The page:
Baylor University received a $2.5 million endowment for the construction of a new center dedicated to the research and treatment of autism.
The 11,865-square-foot autism center will be part of the Department of Communication Science and Disorders in the Robbins College of Health and Human Sciences. It will increase the clinic’s capacity to offer specialized services to those suffering from the disorder.
The project is primarily being funded through the donations of Bill and Mary Jo Robbins – after whom the college is named – and additional, unnamed sources.
“The Robbinses are the ones who really have a calling and a sense around children with autism and wanted to help in this area. It’s through their generosity that we’ve been able to create this clinic and create some research space,” college dean Rodney Bowden said.
The Baylor Speech, Language and Hearing Clinic, a professional clinical division of the Department of Communication Sciences and Disorders, mainly serves patients in the Central Texas area. However, families from across the country have also sought treatment there.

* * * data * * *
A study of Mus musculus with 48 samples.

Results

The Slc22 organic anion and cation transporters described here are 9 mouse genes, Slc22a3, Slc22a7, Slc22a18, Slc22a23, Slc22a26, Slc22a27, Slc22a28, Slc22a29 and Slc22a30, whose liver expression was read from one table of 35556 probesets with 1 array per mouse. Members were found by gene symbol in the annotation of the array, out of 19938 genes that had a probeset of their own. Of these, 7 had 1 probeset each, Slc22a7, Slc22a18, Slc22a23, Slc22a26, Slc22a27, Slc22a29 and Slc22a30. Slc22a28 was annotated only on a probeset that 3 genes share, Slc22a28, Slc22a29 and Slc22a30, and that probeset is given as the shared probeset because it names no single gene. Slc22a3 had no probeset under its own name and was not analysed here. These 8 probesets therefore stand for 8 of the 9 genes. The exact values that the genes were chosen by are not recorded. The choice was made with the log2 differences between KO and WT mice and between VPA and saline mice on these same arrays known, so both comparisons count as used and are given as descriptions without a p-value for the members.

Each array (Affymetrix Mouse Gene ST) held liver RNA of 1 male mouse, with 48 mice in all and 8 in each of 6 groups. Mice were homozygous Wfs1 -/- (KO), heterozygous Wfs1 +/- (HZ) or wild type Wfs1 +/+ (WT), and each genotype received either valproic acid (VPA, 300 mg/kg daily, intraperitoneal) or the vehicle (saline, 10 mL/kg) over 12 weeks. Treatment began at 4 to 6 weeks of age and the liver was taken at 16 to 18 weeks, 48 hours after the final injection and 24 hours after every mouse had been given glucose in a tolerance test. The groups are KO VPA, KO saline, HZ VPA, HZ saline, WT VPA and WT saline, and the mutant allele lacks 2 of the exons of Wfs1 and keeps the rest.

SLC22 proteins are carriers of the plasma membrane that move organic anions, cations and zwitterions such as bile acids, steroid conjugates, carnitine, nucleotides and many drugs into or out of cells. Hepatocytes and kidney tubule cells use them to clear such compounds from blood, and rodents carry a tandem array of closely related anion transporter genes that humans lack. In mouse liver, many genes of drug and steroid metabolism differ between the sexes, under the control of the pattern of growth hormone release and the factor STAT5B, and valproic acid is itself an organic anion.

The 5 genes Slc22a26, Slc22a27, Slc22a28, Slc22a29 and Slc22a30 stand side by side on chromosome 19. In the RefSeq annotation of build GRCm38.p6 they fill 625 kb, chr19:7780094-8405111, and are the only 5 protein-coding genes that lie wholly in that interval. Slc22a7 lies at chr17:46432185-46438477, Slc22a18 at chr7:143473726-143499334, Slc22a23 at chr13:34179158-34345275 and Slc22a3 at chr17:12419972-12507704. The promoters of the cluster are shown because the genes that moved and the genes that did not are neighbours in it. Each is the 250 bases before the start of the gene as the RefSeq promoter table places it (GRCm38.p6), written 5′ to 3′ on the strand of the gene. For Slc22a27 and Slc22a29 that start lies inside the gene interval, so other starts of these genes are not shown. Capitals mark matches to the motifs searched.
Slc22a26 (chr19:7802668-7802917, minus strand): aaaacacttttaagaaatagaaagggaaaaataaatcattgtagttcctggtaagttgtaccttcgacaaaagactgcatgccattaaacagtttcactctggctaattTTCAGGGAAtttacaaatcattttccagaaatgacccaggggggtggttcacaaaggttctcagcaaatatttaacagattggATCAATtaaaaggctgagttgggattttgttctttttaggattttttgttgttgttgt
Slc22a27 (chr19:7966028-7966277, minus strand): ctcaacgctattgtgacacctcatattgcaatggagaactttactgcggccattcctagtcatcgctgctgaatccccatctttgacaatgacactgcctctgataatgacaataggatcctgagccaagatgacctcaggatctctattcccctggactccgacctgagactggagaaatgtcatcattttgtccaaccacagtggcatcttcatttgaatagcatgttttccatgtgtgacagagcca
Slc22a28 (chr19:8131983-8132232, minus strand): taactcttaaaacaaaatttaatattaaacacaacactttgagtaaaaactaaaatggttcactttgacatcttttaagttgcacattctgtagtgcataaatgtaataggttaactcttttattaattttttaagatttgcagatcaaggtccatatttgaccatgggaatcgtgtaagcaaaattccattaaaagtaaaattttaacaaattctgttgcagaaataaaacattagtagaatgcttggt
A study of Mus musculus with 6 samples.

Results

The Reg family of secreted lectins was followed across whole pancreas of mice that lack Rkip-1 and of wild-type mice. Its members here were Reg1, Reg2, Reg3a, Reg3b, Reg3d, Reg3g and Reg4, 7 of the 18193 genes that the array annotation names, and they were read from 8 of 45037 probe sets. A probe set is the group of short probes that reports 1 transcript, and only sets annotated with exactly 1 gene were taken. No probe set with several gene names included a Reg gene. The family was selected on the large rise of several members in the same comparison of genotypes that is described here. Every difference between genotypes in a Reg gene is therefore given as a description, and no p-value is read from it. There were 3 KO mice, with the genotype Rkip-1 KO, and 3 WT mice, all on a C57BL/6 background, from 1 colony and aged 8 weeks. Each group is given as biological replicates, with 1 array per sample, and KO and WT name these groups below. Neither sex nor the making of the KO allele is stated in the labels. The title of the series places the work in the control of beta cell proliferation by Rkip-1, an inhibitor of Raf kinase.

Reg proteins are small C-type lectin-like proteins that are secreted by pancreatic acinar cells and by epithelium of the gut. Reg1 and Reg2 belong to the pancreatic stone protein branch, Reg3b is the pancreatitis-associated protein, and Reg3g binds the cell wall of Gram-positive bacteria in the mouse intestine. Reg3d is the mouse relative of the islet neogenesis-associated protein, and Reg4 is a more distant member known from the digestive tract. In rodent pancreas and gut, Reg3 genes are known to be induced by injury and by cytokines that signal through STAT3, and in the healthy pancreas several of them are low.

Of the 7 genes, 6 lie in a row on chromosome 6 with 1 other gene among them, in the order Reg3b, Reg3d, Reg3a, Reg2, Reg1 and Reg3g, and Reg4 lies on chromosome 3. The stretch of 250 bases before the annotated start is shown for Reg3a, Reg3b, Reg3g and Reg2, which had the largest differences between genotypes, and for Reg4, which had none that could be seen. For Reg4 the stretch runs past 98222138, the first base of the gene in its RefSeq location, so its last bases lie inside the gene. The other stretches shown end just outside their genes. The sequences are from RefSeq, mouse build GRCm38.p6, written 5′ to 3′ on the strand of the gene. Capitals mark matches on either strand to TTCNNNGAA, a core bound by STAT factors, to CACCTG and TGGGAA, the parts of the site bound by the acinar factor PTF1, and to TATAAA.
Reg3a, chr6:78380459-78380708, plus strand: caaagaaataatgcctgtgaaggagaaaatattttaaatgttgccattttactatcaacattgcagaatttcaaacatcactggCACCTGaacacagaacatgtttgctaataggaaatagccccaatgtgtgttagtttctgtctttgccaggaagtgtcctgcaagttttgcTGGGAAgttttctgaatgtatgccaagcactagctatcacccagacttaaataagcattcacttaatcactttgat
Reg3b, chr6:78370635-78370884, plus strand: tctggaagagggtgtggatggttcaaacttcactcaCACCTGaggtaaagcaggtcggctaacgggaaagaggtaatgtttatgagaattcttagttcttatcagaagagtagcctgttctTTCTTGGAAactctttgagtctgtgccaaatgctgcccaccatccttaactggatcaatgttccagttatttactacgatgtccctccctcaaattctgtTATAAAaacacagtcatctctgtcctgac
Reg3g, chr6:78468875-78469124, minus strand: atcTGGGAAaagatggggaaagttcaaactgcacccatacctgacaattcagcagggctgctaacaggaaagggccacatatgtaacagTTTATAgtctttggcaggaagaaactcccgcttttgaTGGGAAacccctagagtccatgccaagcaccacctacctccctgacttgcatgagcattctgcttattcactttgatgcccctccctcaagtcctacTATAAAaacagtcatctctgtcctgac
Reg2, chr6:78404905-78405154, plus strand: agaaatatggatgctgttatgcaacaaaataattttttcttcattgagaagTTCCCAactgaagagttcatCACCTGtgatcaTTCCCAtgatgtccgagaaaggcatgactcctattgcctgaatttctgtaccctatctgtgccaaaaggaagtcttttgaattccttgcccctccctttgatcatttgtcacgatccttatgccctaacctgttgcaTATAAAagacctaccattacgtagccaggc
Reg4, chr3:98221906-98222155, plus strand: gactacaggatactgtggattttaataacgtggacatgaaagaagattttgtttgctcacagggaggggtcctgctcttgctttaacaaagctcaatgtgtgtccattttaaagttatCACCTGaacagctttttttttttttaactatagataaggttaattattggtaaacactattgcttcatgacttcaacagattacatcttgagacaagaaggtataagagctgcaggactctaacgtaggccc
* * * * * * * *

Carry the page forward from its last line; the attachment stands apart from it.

The college had discussed the need to expand the clinic, as families who come for treatment generally exceed current capacity. While it will be tough to comfortably “meet the demand,” Bowden knew that the new autism center will increase the department’s capability to provide services.
“It just gives us the ability to expand the number of children in our clinic, expands the ability to serve them, and serve them in ways we know can help them,” he said.
Department of Communication Science and Disorders Chair Diane Loeb shared some innovations to be expected, including six treatment rooms that will be primarily used as research spaces.
The new rooms include an eye-tracking assessment room for early diagnosis, intervention, and detection research, motor sensory rooms for children with autism who self-harm, and reading and eating areas where specialists can work with children on the spectrum who struggle to read, eat, and swallow.
Apart from these additional spaces, the clinic will employ speech and language pathologists, psychologists, audiologists, physical therapists, and occupational therapists to help families receive holistic education on how to deal with autism.